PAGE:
Google has admitted that it was not rigorous enough in its testing of the new Google Buzz service, and issued an apology for the problems and privacy issues users are experiencing.
Buzz's early impact has been hit hard by the problems with the service – with things like the integration of third-party sites like Twitter not working as they were expected to at this point.
But it was the privacy issues – like the lists automatically created of the people you were following or being followed by – and the decision to make the lists public by default that attracted the most vitriol.
Talking to the BBC, Product Manager Todd Jackson said: "We're very early in this space. This was one of our first big attempts.
"We've been testing Buzz internally at Google for a while. Of course, getting feedback from 20,000 Googlers isn't quite the same as letting Gmail users play with Buzz in the wild."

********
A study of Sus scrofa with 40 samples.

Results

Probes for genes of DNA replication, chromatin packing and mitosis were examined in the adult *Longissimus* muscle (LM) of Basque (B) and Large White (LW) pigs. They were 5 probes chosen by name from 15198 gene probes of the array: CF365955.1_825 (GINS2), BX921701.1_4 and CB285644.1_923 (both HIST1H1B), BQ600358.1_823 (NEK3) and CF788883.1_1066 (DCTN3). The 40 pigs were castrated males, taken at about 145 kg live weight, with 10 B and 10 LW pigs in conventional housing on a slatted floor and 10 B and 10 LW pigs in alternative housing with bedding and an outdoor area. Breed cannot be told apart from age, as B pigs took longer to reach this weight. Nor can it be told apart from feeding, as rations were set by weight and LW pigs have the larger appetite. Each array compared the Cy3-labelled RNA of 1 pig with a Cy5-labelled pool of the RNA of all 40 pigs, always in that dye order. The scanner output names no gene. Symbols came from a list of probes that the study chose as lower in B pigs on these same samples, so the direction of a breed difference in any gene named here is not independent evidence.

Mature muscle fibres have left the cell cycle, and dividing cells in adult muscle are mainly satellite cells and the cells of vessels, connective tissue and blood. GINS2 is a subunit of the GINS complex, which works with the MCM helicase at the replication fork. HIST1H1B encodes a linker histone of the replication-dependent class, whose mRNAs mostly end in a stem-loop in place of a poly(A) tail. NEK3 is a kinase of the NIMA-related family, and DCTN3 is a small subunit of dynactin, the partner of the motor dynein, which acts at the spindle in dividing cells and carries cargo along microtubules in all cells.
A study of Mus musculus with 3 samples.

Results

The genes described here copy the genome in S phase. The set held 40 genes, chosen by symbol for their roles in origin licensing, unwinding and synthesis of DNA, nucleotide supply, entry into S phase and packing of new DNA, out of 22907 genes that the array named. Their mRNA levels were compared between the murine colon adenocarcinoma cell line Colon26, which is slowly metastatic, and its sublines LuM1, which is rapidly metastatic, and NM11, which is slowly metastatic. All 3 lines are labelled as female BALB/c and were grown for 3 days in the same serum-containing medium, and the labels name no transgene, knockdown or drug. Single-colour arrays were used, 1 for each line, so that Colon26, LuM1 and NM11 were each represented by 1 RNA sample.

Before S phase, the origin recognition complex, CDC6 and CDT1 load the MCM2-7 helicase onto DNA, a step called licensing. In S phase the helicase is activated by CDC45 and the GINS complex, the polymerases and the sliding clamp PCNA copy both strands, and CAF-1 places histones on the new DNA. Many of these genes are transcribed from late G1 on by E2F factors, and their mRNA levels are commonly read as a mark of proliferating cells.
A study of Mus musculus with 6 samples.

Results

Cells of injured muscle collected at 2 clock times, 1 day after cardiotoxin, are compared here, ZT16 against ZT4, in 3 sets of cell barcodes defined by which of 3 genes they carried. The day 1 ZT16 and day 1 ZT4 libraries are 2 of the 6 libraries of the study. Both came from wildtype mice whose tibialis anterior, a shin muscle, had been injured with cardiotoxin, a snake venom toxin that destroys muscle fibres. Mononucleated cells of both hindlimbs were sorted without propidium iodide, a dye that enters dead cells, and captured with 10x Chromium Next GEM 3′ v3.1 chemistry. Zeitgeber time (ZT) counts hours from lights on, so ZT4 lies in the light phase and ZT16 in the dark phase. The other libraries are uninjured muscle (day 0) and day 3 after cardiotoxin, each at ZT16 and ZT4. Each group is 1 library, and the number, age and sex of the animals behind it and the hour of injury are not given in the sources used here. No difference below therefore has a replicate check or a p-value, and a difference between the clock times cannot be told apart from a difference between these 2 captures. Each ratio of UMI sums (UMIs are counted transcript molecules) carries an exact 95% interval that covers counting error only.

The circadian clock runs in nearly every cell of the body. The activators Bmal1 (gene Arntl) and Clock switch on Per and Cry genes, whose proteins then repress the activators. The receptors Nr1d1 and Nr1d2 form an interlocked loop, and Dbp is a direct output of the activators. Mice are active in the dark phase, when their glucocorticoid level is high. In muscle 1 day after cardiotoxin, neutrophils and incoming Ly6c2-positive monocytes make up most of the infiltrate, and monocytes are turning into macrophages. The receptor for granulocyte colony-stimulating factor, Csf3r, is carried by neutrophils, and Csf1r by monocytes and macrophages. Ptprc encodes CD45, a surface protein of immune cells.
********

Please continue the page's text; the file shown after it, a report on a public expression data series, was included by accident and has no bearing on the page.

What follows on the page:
"If it becomes clear that people don't think we've done enough, we'll make more changes," added Jackson.
Jackson also told the BBC that "tens of millions" of users were "rightfully upset" and that the firm was "very, very sorry".
"We know we need to improve things," he said.
It's an eye-opening admission from Google as they try to compete with the likes of Facebook and Twitter – with Buzz given a major launch and clearly seen as a key product for the company.
"We worked around the clock to make the code changes for these improvements; now we're putting them through a full testing process to identify any bugs and translating them into 53 languages so they reach all Gmail users," concluded Jackson.